French President Emmanuel Macron’s push for an ambitious overhaul of Europe’s single currency bloc is running up against robust resistance in Berlin despite conciliatory public signals from German Chancellor Angela Merkel.
Nearly four months into Macron’s presidency, senior German officials say they are still waiting for ideas from Paris that might bridge the gap between France’s push for more eurozone burden-sharing and Germany’s insistence that member states take primary responsibility for their own economic problems.
Although the true test for a Franco-German “grand bargain” on deeper eurozone integration will come after the German election on 24 September, early exchanges between technocrats in the two capitals have yielded little to no progress, according to people involved.
“There is a new elan with Macron. But so far the ideas are the same ones that we’ve been hearing from Paris for years,” said one senior German official.
“We have not advanced at all,” said another top official. “It is hard to see where the middle ground lies.”
Reflecting the differences between the two sides, French government spokesman Christophe Castaner warned “half-baked proposals” on reforming the eurozone would put Europe in danger.
“We have to find the balancing point in our bilateral exchanges,” Castaner said after a ministerial meeting involving German Foreign Minister Sigmar Gabriel in Paris on Wednesday (30 August).
Europe’s common currency area is emerging from the economic and financial crisis that began nearly a decade ago and almost tore it apart.
But the turmoil of past years exposed deep flaws in Europe’s architecture, and with an array of new challenges emerging – from Brexit to US President Donald Trump – people are watching closely to see if France and Germany, the historic drivers of European integration, can revive their troubled partnership and restore confidence in the bloc.
During his campaign for the Elysée, Macron called for a big leap forward in European cooperation towards a so-called fiscal union. He is pushing for the creation of a eurozone finance minister and parliament, as well as a stand-alone budget for the currency bloc to cushion economic shocks in individual member states and head off future crises.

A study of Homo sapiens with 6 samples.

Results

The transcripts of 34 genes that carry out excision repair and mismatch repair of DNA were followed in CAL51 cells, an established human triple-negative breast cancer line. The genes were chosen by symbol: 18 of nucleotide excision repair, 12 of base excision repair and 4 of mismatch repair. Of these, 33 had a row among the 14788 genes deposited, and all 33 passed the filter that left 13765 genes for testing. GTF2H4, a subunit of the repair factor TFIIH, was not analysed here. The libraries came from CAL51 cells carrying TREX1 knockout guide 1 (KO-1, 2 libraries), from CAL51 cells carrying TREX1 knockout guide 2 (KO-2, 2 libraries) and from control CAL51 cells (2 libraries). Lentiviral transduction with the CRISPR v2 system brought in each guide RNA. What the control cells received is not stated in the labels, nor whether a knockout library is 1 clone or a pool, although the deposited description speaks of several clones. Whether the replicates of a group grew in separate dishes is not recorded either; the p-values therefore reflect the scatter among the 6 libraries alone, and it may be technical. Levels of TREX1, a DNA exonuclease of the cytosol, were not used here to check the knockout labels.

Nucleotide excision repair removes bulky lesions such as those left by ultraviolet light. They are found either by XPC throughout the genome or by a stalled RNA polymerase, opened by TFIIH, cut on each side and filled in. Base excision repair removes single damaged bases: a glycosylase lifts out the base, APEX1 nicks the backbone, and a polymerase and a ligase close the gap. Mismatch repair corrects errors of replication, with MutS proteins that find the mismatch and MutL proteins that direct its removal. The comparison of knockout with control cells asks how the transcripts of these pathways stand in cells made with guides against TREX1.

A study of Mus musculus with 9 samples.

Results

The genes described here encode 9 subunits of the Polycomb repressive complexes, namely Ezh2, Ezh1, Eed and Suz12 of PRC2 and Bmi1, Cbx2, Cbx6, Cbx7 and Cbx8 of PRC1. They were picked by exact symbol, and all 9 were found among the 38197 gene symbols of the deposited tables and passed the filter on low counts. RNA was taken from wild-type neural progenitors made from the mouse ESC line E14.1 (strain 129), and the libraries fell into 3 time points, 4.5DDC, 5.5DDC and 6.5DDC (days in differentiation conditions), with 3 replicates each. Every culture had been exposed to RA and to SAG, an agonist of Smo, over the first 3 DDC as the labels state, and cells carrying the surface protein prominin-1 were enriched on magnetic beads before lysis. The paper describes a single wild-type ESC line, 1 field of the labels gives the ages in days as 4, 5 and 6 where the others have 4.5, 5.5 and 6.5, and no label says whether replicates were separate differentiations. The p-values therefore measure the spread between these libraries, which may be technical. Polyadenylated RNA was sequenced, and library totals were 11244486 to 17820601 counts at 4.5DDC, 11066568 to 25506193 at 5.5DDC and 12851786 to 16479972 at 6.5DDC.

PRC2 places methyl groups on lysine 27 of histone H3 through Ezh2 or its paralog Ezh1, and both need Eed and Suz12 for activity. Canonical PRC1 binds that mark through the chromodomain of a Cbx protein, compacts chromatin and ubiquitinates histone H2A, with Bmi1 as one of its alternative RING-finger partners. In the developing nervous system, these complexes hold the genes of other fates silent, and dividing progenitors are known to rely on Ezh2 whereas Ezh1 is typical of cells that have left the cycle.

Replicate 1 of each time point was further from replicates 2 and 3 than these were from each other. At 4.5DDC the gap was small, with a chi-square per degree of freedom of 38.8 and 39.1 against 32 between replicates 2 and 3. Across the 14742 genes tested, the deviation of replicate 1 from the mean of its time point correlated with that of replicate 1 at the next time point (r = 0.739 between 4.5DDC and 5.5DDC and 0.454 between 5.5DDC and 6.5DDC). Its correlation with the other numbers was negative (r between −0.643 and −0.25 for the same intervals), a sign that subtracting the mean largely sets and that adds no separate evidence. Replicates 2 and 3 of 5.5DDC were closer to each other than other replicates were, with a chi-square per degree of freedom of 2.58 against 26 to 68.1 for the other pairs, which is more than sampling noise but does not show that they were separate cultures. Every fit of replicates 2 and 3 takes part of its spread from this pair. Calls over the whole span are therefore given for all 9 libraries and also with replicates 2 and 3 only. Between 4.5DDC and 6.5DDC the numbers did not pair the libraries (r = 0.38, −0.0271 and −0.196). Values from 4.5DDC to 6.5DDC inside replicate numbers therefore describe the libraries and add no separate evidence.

In an interview with French weekly Le Point on Wednesday (30 August), he offered the first clues about what such a budget might look like, suggesting it could be funded by tax revenues that currently go into national budgets and total several hundred billions of euros.
Merkel, while voicing support for Macron’s budget idea, ruled out sums that large earlier this week, speaking of “small contributions”.
Both the German and French sides say it will be important to have a rough plan for eurozone reform in place before German coalition talks begin in earnest, most likely in the second half of October.
That way, reform ideas can be embedded in the German coalition agreement, a detailed policy blueprint for the new government that can run over 200 pages.
One path, if Merkel emerges victorious as polls suggest, would be for Berlin and Paris to hold a bilateral summit on eurozone reform in early October and then present initial ideas to European partners at an EU summit scheduled for 19-20 October.
The window for clinching an agreement involving all 19 members of the currency bloc is tight. German officials believe it must be completed in the first half of 2018, before the EU enters crunch time in its Brexit negotiations with Britain and begins thorny talks on a long-term budget for the EU.
“If we don’t manage to come up with something in the first half of 2018 it will get messy,” the second official said.
European Monetary Fund
The most concrete proposal on the table right now comes from German Finance Minister Wolfgang Schäuble.
He has floated the idea of transforming the eurozone’s rescue fund, the European Stability Mechanism (ESM), into a fully fledged European Monetary Fund (EMF) that would have more powers to support vulnerable member states.
Backed by Merkel, this proposal is viewed with suspicion by some members of Macron’s entourage, who see it as a plot by Berlin to undermine his more ambitious budget vision.
They point out that the ESM is run by a German, Klaus Regling, is an intergovernmental body in which the Germans have a de facto veto, and that Schäuble’s plan would weaken the European Commission by stripping away its budget oversight responsibilities.
Back in May, two economists who have worked with Macron in the past, Laurence Boone and Shahin Vallee, dismissed the EMF idea as a “dead end”.
Four months on however, with no obvious compromise in sight, Schäuble’s idea is looking like a more realistic solution, even if it does fall short of what Macron has promised.
“We are not among those who think it’s absurd,” said one person close to Macron, describing it as a possible “first step” in a progressive strengthening of the eurozone. “What is interesting about it is that it could be put in place fairly quickly.”
In Berlin, the appetite for making big concessions to Macron seems limited.
An economic rebound in the euro area has reduced the sense of urgency. And German officials say other challenges – from protecting the EU’s external borders to forging a common approach on refugees – are at least as important as reforming the eurozone.
While keen to see Macron succeed, they believe his political fate will ultimately hinge on his ability to push through domestic reforms to reduce unemployment and stimulate the French economy, not an overhaul of the eurozone.
People in Merkel’s party are also aware that her room for manoeuvre could become more limited after the election if she ends up switching coalition partners, dumping the Macron-friendly Social Democrats (SPD) in favour of the more critical Free Democrats (FDP).